Saturday Workshop: Dancing in the Dark…

patrick-swayze-dirty-dancing-1987-photo-fc

There’s this scene you’ve been working on: Jack walks into a room. Diane’s already there. She’s drinking a mimosa and reading a travel guide for a place you haven’t decided on yet–maybe Barbados, maybe Detroit. Jack crosses the room. He tries to sit with her, but you forgot to include a chair, so he’s now hovering in an improvised yoga pose. Diane’s not even at a table, so when she releases the mimosa, it falls to the floor and shatters. This confuses the library staff because you’re not allowed to have mimosas in the library. Jack doesn’t even like to read, so he’s surprised to find himself in a library. He says, “When did I get to a library?” This echoes in the endless expanse of the void. When a librarian tells Diane about the no-mimosa rule, Diane says, “No dessert for me, thanks,” and then asks for the check. You suddenly remember that they’re at a tiki bar, but now the librarian feels overdressed. When the librarian tries to return to the Library Call Center, he trips over a bear rug on the floor and falls into a big pit—you know, like the one from the movie 300. Jack tries to reach out and help him, but the librarian seems miles away now. Diane leaves a tip on the floor and escapes, somehow, but you don’t remember there being any doors in the room. Maybe she climbs out a window or a skylight. Jack cries, lives the rest of his life alone, gets eaten by a lion floating in the void.

Sound familiar? No? Read more. It’s good for you, puts hair on your chest. Regardless, the point (there is one) is that place is often an underdeveloped and untapped resource in scene development. Where a conversation takes place can have just as much an impact on a scene as what your characters say. How your characters move, position themselves within that space, negotiate obstacles (bear rugs, bottomless pits, lions, etc.) can also flesh out the scene and present a more dynamic and engaging narrative. The Dancing in the Dark workshop will explore and discuss these concepts, Patrick Swayze, whether or not you can (in fact) put Baby in a corner, and The Boss.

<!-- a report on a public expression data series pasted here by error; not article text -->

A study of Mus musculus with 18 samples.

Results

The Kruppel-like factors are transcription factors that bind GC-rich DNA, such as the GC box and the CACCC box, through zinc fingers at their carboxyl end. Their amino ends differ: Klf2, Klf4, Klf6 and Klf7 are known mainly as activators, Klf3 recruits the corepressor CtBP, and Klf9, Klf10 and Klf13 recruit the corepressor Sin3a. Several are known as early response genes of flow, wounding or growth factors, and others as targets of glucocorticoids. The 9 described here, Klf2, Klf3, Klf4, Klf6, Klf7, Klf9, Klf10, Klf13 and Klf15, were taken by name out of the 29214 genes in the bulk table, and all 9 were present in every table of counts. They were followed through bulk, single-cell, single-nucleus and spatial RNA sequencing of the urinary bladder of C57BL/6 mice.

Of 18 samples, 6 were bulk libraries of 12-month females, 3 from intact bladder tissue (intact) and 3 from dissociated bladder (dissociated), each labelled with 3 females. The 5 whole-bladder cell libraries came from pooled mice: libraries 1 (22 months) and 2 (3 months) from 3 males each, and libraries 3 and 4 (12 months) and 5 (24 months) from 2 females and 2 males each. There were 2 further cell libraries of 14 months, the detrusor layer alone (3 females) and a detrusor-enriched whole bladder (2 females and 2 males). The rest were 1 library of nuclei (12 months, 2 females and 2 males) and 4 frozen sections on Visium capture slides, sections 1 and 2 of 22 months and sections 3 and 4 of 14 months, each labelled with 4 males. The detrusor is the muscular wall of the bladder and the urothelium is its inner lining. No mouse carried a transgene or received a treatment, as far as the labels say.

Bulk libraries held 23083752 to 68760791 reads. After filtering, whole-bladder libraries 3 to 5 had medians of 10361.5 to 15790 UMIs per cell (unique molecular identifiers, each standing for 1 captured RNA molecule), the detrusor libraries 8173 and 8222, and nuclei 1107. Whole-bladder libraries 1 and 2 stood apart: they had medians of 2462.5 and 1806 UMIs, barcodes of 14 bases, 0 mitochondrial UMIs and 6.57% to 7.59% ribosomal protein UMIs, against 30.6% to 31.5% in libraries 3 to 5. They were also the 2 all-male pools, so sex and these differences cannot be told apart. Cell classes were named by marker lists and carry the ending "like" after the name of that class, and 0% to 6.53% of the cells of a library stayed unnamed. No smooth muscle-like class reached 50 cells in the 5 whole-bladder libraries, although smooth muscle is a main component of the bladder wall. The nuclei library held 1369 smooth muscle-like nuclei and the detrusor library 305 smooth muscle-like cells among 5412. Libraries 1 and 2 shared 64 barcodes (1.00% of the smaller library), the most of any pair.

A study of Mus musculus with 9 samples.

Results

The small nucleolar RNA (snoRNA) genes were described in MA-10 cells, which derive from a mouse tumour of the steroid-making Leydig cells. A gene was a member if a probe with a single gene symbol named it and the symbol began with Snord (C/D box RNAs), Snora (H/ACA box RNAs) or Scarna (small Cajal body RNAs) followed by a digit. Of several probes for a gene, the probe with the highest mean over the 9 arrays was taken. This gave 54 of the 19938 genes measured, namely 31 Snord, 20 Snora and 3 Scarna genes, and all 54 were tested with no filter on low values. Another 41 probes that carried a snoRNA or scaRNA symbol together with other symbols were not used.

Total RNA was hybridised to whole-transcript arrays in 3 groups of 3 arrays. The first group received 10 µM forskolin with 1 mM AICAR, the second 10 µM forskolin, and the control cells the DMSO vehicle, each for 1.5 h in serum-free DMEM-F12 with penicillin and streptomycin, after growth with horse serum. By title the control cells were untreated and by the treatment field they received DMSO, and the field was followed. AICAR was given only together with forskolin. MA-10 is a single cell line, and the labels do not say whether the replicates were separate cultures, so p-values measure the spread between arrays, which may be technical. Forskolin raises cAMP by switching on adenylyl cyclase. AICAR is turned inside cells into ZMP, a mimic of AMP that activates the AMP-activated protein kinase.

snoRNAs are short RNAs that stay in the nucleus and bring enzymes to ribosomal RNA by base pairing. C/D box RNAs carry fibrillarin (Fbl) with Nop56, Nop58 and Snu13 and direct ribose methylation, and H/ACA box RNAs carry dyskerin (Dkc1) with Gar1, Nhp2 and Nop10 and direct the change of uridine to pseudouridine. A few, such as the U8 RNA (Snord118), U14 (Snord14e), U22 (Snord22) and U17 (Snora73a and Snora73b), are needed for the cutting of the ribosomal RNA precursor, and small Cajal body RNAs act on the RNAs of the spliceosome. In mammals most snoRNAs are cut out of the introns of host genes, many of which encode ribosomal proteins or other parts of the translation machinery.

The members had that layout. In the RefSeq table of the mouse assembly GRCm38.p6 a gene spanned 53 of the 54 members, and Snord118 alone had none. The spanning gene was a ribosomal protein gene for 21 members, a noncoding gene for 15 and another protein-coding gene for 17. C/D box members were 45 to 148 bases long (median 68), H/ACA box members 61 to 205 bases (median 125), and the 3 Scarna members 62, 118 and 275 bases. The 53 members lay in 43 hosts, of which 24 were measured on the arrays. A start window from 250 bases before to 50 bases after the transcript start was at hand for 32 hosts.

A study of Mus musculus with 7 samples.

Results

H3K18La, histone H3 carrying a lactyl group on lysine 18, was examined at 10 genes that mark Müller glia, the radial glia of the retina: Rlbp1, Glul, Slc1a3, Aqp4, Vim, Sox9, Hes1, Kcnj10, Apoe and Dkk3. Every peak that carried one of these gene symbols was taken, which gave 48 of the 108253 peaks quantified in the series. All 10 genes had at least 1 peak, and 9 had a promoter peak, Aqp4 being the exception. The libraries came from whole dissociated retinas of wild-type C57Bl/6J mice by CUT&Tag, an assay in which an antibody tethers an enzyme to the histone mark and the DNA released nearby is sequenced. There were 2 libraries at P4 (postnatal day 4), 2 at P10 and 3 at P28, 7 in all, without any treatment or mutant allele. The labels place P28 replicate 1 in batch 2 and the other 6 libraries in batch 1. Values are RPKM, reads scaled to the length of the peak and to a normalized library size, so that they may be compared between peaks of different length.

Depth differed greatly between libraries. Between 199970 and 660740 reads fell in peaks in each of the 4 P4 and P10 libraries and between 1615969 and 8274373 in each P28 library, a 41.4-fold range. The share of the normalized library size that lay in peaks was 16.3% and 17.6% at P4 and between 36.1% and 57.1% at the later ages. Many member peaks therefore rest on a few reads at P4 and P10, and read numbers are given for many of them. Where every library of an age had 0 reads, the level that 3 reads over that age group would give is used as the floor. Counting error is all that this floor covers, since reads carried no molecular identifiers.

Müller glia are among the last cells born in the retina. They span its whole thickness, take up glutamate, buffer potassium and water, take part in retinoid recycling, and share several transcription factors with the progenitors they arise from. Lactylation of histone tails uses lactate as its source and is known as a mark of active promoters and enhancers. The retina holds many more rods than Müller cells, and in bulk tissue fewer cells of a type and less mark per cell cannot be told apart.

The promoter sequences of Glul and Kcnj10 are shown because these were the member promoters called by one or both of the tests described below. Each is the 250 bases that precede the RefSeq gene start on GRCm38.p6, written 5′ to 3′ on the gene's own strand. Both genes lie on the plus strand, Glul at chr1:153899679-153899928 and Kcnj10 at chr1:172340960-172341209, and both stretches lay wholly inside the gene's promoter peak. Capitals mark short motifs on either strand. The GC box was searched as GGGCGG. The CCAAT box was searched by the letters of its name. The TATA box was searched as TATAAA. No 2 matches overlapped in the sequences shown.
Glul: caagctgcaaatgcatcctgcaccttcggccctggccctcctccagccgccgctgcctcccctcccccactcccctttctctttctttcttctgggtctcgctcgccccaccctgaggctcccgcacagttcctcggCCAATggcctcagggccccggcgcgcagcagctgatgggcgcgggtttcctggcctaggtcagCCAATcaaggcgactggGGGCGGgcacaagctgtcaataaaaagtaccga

• What & Who: “Dancing in the Dark: Using Place & Choreography in Scene Development” will be conducted by Jeff Baker, English Faculty at GCC.
  • When: Saturday, September 10th from 9:30 to 11:30AM.
  • Where: GCC Main Campus, LA-141.
  • Why: Why not, tough guy?

This will be the first Saturday Workshop of the academic year, so we hope to see bright, happy, creative faces before Finals and The Nothing consume Fantasia, making everybody sad.